Longtime Abercrombie & Fitch (NYSE:ANF) shareholders woke up to some great news today -- their shares are down 17% year to date. Champagne time! But seriously, they were probably pretty excited, since the stock was down 32% when they went to bed the night before. Thanks to some much better than expected earnings in the third quarter, and a revised annual income forecast, Abercrombie shares jumped more than 30% today. So what changed, and what does it mean for the long term? Also, does anyone know how to put a cork back in a bottle of preemptively popped champagne?
Where'd all that money come from?
Abercrombie's good news was driven by a 9% increase in revenue. Due to cost decreases, that increase in sales translated into a massive 40% increase in income, with the company booking $0.87 per share last quarter. Analysts had been expecting only $0.59 per share, which helped bump up the stock price throughout the day. As an added treat, Abercrombie revised its yearly earnings forecast up to the $2.85-$3.00 per-share range. Good news travels fast, and the stock's surge helped Guess? (NYSE:GES) and Areopostale (NASDAQOTH:AROPQ) with both companies up more than 2% on the day.
As I said above, the biggest income generator for Abercrombie wasn't its increase in sales, but the relative decrease in cost of goods sold. The company managed to push its gross margin up from 60% last year to 62.5% this year. On top of that, it cut its store and distribution expenses by a few points, to generate that increase at the bottom line. Overall, operating income margin rose from 7.4% last year to 9.6% this year. So is it time to jump into this skyrocketing retailer?
The not-so-great news
I'd hold off for at least a few more paragraphs. The driver of real sales strength in retail is same-store sales increases. Yes, Abercrombie cut costs and saw cotton prices fall. Yes, the bottom line jumped. But overall same-store sales fell by 3%. While the company managed a 2% increase in the U.S., international same-store sales were dragged down 18%. That was due largely to the more than 20% decline in the U.K., where Abercrombie is clearly struggling. That decline brings the year-to-date same-store sales position to a 6% fall, and no amount of cost-cutting is going to change that.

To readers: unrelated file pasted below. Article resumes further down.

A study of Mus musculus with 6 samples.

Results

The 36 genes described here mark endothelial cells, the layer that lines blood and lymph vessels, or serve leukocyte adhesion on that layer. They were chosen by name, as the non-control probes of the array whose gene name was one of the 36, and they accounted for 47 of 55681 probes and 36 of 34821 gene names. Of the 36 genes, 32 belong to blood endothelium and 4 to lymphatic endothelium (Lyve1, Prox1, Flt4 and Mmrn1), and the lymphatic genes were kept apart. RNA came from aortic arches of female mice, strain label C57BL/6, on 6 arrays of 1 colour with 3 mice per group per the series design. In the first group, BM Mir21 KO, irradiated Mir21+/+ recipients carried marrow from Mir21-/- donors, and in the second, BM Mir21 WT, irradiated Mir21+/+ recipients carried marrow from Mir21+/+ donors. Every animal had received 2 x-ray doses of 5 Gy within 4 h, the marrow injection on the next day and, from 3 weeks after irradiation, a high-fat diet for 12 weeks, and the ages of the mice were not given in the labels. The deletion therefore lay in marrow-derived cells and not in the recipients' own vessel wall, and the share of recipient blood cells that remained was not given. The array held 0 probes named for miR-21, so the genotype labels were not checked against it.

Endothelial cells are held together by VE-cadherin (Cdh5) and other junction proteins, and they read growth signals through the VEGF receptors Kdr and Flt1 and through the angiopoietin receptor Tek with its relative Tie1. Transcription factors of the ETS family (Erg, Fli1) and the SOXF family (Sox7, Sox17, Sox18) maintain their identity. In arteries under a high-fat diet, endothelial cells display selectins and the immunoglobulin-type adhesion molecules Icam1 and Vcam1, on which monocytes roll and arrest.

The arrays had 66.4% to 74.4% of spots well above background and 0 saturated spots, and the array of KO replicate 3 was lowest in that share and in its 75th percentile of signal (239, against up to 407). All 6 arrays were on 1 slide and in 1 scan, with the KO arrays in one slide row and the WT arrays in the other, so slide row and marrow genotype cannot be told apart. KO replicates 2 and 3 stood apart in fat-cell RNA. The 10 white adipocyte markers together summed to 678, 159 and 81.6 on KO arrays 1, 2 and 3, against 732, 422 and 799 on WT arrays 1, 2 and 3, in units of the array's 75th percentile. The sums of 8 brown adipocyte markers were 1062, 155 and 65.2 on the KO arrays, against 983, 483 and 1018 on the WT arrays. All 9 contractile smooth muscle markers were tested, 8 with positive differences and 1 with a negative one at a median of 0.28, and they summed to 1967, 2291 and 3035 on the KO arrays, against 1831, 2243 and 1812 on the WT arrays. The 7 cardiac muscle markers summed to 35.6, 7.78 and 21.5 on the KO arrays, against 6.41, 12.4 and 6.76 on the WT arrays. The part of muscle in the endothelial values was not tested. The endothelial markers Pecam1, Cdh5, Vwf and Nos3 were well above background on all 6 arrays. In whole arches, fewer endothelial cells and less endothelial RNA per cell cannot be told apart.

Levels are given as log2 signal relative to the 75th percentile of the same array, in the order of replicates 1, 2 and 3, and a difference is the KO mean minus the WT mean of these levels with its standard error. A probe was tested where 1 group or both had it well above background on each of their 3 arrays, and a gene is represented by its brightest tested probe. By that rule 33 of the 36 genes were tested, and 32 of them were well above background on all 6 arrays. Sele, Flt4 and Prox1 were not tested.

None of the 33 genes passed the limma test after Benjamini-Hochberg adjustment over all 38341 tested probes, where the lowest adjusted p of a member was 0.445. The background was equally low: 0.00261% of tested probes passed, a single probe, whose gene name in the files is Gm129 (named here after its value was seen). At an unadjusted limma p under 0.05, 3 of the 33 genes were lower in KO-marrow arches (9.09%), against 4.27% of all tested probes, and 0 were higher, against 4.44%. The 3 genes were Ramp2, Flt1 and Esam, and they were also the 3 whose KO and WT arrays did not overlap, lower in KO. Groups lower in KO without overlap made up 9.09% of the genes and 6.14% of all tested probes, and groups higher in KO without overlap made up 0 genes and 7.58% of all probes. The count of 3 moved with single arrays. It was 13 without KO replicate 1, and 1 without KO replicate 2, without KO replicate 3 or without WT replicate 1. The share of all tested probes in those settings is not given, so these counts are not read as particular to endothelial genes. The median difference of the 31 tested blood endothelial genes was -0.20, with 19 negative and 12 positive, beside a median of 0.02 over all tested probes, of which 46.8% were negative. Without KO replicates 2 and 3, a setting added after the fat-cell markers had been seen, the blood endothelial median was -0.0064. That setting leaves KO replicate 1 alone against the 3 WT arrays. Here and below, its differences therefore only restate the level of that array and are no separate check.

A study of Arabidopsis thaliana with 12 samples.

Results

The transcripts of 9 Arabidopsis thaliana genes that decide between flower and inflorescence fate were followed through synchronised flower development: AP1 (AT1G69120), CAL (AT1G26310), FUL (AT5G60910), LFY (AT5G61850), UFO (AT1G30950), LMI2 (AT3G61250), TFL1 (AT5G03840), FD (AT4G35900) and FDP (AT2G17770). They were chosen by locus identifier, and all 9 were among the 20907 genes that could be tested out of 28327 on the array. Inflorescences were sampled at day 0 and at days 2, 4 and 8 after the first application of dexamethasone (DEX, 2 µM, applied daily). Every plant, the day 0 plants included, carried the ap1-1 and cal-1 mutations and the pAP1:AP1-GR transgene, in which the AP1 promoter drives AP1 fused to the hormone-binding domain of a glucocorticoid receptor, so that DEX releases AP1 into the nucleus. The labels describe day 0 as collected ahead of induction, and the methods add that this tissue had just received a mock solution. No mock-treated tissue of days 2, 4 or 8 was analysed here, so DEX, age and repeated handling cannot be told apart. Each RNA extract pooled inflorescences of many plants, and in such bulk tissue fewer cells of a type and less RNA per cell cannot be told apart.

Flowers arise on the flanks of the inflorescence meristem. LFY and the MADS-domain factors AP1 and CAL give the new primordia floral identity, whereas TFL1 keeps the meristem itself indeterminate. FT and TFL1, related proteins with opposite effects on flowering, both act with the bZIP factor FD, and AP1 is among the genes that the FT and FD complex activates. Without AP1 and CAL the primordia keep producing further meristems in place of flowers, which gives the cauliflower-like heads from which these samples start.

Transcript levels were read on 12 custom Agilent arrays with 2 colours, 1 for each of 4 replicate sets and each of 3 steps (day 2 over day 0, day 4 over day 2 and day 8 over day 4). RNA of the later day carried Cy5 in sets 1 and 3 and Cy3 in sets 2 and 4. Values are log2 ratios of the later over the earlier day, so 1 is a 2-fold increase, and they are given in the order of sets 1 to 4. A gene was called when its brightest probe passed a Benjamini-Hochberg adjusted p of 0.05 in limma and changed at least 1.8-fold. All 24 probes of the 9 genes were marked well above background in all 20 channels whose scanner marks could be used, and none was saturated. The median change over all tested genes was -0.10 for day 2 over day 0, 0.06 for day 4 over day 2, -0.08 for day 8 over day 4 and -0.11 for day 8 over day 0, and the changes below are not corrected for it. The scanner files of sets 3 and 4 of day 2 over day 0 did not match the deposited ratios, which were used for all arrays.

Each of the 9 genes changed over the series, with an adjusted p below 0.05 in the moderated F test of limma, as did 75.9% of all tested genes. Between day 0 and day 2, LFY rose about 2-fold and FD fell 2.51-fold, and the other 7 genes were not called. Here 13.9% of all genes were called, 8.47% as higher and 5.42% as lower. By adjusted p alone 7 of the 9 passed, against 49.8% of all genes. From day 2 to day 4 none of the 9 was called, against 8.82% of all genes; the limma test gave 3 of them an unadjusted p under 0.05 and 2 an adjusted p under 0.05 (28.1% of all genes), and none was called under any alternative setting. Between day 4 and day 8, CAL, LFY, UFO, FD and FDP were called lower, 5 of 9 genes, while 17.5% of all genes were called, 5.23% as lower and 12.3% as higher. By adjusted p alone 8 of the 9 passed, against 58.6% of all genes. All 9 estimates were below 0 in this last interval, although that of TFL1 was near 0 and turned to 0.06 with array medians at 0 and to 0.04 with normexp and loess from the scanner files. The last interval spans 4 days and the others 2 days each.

Abercrombie has an answer to the drop in sales at the London flagship: cannibalization. Management claims, not unfairly, that as it expands its European footprint, it's going to start cutting into its own sales. Opening a Hollister in the same market as an Abercrombie & Fitch will hurt sales. Opening a store in Paris means that Parisian visitors to London are less likely to drop a huge chunk of change at the U.K. store. Apparently, that reasoning has rung true with investors.
If it is true, then Abercrombie could very well be in a position similar to where Gap (NYSE:GPS) was this time last year: a brand down on its luck, implementing important changes to make it relevant once again. Abercrombie is changing its delivery model in order to cut down on the time it takes to move a product from design to sale. That should help its same-store sales, as products in the store will be trendier, and hopefully be on sale before competitors release similar styles.
CEO Michael Jeffries highlights the value of speedy delivery when talking about the company's ability to be current. He said, "[W]e've always paid attention to runway and street [fashion]. We're spending more time reacting to it more quickly than we ever have." That's a good move for Abercrombie, which, by its own admission, was doing a poor job of moving inventory earlier this year.
The bottom line
If Abercrombie can keep up its relevancy, and find a way to staunch the same-store sales bloodletting, then it should have a good run in front of it. Look at what Gap was able to do by moving clothes to the store faster and being more well-defined in its own brands. Last year at this time, Gap was trading at $20 per share, with earnings per share of $0.75 through the first half of the year. Now, it's trading at $34 per share, and earnings have increased over 30%.
Fool contributor Andrew Marder has no positions in the stocks mentioned above. The Motley Fool owns shares of Aeropostale and Guess?. Motley Fool newsletter services recommend Guess? and Gap. Try any of our Foolish newsletter services free for 30 days. We Fools may not all hold the same opinions, but we all believe that considering a diverse range of insights makes us better investors. The Motley Fool has a disclosure policy.